Lesson 1: Displaying quantitative data with graphs

# Histograms

Here's how we make a histogram: 1. Collect your data and decide on the number and size of bins (categories) you want to divide your data into. 2. Count the number of data points that fall within each bin. 3. Draw a graph with the bins as the x-axis and the frequency counts as the y-axis. 4. Draw vertical bars to represent the frequency count for each bin. Created by Sal Khan and CK-12 Foundation.

## Want to join the conversation?

• Why do you call it a histogram? What does it mean, and what base word does it come from.
• I would say because in a histogram datas aren't divided and continious. It is mostly used as a graph which uses time. Because you know a a data in time is not divided. So I would say it is related with history and I relate history with time. Maybe it's funny idc :D
(1 vote)
• here, so that one day i can prove my teacher wrong.
• in a histogram, when you skip a #, aren't you supposed to draw a break where the # skipped is? Why doesn't Sal do that
• He didn't actually skip the 5, he just put it there and didn't draw a bar, or u could think of it as drawing a bar with a height of 0.
• Does it have to be number frequency to differ from a bar graph? Wouldn't it be a histogram if you chart population? (# of Mexicans, #of African Americans, # of Asians, etc.)
• i don't think this is a clear representation of a histogram. this is more of a bar graph- a histogram is meant to have frequency density on the y axis (or so i've been taught). i want to know how to read a real histogram with frequency density on the y axis and measurement on the x axis can anyone point me in the right direction? thanks in advance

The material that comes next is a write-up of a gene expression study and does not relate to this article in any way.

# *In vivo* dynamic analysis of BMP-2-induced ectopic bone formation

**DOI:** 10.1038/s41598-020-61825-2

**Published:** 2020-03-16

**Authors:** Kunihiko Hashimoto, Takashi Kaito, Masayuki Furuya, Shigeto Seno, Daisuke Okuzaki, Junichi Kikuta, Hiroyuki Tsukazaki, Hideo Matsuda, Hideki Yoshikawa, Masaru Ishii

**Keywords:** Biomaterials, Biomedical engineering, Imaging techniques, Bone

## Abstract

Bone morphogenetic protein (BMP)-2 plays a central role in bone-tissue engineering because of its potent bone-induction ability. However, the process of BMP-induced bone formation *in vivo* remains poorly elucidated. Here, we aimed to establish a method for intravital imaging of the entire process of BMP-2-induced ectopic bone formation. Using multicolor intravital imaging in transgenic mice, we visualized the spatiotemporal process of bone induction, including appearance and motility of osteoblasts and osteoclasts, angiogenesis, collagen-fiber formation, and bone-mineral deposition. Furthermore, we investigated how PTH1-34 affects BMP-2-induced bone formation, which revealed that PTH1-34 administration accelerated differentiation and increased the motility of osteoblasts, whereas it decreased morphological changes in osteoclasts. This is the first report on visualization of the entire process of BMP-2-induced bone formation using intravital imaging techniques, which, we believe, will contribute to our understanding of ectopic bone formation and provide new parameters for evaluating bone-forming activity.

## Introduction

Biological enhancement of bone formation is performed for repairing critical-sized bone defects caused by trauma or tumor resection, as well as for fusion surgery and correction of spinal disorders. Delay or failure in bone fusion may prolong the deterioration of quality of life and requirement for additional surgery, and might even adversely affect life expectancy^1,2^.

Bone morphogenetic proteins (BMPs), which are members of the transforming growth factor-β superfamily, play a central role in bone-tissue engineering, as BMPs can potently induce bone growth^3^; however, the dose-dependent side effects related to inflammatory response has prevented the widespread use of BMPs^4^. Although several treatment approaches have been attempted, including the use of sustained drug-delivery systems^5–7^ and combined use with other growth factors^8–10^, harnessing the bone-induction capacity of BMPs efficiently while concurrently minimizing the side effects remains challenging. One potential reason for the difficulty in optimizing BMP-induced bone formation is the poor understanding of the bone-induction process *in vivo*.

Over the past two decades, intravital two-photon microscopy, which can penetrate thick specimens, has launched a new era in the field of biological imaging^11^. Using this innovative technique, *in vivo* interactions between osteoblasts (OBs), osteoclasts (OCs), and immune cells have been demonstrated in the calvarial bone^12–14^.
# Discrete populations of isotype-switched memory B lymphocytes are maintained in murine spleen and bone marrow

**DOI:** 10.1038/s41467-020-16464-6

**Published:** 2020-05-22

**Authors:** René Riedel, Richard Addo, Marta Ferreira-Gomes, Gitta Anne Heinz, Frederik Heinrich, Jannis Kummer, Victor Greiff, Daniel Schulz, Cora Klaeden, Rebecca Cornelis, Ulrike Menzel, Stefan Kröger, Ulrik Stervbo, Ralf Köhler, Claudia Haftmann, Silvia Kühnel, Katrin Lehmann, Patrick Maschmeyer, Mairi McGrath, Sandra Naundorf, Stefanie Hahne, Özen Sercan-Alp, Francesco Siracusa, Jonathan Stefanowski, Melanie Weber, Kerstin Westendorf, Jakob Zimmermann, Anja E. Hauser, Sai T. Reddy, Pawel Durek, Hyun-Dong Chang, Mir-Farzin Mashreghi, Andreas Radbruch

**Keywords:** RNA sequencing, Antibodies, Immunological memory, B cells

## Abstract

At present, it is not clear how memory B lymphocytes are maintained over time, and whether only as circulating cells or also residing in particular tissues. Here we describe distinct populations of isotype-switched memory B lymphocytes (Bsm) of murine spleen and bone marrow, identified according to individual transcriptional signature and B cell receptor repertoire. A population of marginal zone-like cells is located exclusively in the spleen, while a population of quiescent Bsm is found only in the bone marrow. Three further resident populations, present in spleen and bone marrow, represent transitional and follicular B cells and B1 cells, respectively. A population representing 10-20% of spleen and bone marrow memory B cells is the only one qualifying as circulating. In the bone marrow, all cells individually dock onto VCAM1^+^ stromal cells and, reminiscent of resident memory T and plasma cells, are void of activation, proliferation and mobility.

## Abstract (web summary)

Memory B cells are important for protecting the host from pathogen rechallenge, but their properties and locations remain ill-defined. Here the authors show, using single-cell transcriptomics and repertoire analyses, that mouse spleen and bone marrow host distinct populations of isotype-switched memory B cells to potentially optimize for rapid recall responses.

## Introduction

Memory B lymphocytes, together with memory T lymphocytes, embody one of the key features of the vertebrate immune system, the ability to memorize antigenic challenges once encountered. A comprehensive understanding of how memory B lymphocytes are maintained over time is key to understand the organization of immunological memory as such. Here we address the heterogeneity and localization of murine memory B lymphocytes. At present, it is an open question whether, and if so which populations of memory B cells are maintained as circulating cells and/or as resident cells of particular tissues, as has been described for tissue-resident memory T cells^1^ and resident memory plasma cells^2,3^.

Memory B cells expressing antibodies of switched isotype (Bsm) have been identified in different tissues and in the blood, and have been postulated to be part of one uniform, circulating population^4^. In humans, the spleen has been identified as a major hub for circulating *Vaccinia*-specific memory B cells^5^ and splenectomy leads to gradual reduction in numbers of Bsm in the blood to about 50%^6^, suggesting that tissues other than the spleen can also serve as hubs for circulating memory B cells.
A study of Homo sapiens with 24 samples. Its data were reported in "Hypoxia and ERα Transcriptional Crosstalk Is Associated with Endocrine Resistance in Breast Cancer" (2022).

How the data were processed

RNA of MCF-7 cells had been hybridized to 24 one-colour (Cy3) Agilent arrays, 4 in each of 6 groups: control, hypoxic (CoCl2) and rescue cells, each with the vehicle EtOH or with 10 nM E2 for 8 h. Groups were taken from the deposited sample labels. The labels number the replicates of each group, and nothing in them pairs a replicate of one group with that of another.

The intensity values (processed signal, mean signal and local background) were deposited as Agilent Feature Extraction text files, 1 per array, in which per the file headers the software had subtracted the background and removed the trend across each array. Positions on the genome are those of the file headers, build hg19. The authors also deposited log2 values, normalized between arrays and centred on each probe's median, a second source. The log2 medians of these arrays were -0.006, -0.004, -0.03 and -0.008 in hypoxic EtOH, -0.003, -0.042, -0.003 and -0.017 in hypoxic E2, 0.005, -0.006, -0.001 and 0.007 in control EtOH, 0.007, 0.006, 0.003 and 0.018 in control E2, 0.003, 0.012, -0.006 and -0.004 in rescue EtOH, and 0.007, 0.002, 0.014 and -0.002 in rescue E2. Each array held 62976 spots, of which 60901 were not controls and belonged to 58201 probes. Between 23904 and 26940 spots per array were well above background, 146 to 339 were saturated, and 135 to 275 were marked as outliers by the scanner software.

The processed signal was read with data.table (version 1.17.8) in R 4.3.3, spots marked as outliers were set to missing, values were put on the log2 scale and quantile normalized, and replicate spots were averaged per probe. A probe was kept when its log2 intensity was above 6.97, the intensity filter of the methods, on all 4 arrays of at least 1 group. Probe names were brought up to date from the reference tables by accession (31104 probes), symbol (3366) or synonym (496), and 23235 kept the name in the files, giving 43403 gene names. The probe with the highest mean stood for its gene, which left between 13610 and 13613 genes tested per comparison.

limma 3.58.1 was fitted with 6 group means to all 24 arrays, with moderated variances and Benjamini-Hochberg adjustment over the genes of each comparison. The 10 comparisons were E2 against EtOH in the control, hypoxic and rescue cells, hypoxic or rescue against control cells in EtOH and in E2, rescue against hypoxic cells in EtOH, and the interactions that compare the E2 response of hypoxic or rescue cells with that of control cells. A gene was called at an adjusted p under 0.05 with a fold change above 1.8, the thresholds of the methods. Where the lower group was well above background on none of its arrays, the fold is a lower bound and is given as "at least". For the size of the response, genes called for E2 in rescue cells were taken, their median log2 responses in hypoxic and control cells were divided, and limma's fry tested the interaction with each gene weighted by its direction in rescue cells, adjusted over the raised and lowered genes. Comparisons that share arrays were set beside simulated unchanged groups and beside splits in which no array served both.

• histograms and bar graphs are not the same histograms are joined while bargraphs have spaces between the data
• The buckets are the groups of the different numbers: The 1 bucket, the 2 bucket, and so on
• How would you do this if you had all decimal numbers... For example, 1.2, 1.9, 5.6, 3.2, etc. I am confused, and my school work does not explain this very well.
• I am pretty sure that you work that out the same way, just with decimals
• I have to do a histogram for a group of data, and my survey question is "What is your favorite movie genre?" and my options were action, horror, adventure, fantasy, comedy, and romance. The results where:
action- 15
horror- 10
fantasy-5
comedy- 19
romance- 5
My problem is that I have no idea how to do a histogram that can portray this information.
• You would draw a histogram like in the video where the bottom would be the type of movie (action, horror, etc), and the left side would be numbers. Then draw bars to reflect the result for each type of movie.

Hope this helps.
• Isn't what Sal drew a bar chart and not a histogram because:
a) Histograms should group numbers into ranges?
b) Histograms are supposed to have have "frequency density" not frequency as the y axis?
If it is not so then could someone please explain why and what actually is a histogram (and the difference from a bar chart)?